Carers ACT has thanked the Royal Commission into Aged Care Quality and Safety for praising the role of unpaid carers in the midst of a damning report.
Lisa Kelly, CEO of Carers ACT, said that the recommendations in the report will go a long way to support carers better and thanked the Royal Commission for commending the role of unpaid carers in propping up the aged care system.
“The findings of the Royal Commission into Aged Care are in part a very difficult read. However, we do take heart in many of the commissioners’ recommendations. The commissioners have obviously really appreciated that carers make an important contribution to the lives of their loved ones but have seen the bigger picture, that carers are crucial to the sustainability of the aged care system as a whole,” she said.
According to Ms Kelly, there are currently over 50,000 carers in the ACT with the number growing every year.
“These carers are rarely recognised, that is why there is lack of awareness about how many unpaid carers exist and the role they take in providing what amounts to billions of dollars of free support,” she said.
“It is significant that the commission still finds time to praise the efforts of, and the reliance upon, unpaid carers.”
According to Carers ACT, carers often do not self-identify as their caring role often evolves unexpectedly as an extension of a family relationship.
Ms Kelly said the recommendation to ensure carers are identified during aged care assessments “will be a great opportunity to support the carer from the outset”.
“This will mean we can connect with those carers and place supports and knowledge around them rather than waiting for them to find us in a time of crisis. We will be able to be proactive in helping carers.
“Carers often tell us about all of the red tape they find themselves forced to do,” she said.
“It can be a real burden as well as being difficult to navigate and often when they are most vulnerable and time poor. Better communication between agencies to reduce the necessity for duplication in intake and assessment will be a real benefit for carers.”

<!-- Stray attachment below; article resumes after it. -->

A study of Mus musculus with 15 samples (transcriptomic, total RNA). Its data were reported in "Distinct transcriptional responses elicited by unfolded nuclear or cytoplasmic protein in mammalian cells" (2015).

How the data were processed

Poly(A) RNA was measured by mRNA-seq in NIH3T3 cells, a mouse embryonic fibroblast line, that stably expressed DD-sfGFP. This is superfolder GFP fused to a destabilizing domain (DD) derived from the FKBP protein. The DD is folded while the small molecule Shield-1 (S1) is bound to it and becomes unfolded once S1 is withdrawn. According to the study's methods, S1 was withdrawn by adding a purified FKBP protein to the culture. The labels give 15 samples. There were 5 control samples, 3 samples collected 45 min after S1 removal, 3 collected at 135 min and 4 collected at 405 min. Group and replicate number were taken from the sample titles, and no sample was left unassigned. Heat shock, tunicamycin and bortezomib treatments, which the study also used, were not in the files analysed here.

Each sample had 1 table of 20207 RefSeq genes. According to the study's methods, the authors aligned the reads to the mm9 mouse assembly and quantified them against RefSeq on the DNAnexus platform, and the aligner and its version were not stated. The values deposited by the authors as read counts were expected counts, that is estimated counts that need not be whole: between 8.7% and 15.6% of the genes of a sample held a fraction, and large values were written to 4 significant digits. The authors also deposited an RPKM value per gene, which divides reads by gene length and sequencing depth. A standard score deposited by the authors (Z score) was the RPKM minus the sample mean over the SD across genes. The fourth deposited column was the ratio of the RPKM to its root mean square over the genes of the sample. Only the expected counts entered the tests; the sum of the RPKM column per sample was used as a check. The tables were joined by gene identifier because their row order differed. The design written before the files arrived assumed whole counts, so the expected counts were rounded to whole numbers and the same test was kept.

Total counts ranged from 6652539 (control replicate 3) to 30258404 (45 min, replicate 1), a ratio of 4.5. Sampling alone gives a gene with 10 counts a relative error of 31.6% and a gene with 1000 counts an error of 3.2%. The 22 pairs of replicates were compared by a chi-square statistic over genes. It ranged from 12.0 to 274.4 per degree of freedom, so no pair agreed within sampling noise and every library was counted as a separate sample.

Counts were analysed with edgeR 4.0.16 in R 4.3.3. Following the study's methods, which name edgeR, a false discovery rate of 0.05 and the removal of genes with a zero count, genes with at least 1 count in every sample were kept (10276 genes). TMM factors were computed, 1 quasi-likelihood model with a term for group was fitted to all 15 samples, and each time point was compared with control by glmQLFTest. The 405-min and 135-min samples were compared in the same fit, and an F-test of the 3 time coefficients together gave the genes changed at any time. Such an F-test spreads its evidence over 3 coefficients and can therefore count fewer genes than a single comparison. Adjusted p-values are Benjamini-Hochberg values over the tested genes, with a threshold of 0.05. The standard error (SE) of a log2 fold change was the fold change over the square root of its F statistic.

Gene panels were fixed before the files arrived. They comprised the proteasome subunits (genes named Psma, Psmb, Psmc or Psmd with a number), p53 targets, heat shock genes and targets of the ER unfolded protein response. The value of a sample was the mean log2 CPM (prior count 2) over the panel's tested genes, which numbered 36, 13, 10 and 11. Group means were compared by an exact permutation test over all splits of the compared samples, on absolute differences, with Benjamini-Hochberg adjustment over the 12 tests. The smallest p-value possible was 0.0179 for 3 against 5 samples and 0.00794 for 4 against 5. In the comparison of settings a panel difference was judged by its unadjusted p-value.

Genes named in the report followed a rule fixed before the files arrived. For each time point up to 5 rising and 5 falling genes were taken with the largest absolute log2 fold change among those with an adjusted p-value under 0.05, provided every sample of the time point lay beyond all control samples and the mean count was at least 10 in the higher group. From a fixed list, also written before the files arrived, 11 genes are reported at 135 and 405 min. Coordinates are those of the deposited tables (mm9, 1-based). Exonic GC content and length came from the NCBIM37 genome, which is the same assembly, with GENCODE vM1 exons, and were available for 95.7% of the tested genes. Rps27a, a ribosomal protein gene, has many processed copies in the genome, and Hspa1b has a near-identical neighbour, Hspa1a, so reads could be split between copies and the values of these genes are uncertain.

In Australia there are no provisions in the National Employment Standards for an employee to take extended unpaid leave for the purpose of caring for an elderly family member or close friend.
Commissioner Briggs wrote in the final report of the Aged Care Royal Commission that “the failings of the aged care system to provide adequate support to informal carers must be rectified”.
“We recommend that the Australian Government should implement a respite supports category that ensures respite is available for the carers of older people earlier and more often to provide timely assistance.”
The report stated that family, friends, and community are a crucial part of the aged care system and aged care volunteers need to be supported and trained to work with older people to help reduce social isolation and help them to live a dignified and meaningful life.
To support informal careers, a preventative approach has been proposed, including an investigation of the potential impact of amending the National Employment Standards. The amendment would include an additional entitlement to unpaid carer’s leave by 30 September 2022.
Carers ACT believes carers will welcome a new Act that places the rights of the older people they care for at the centre of their care considerations.
“As the commissioners recognised, respite is a massive issue for carers,” Ms Kelly said.
“Having respite helps the wellbeing of the carer and sustains the caring relationship … Easier access to a variety of high-quality respite will make a world of difference to carers, particularly those whose loved ones are living with dementia.
“It was also wonderful to read the commissioners’ support for further work in improving leave arrangements for those employees providing care to older people. We know this is a significant issue for carers and we look forward to this discussion.”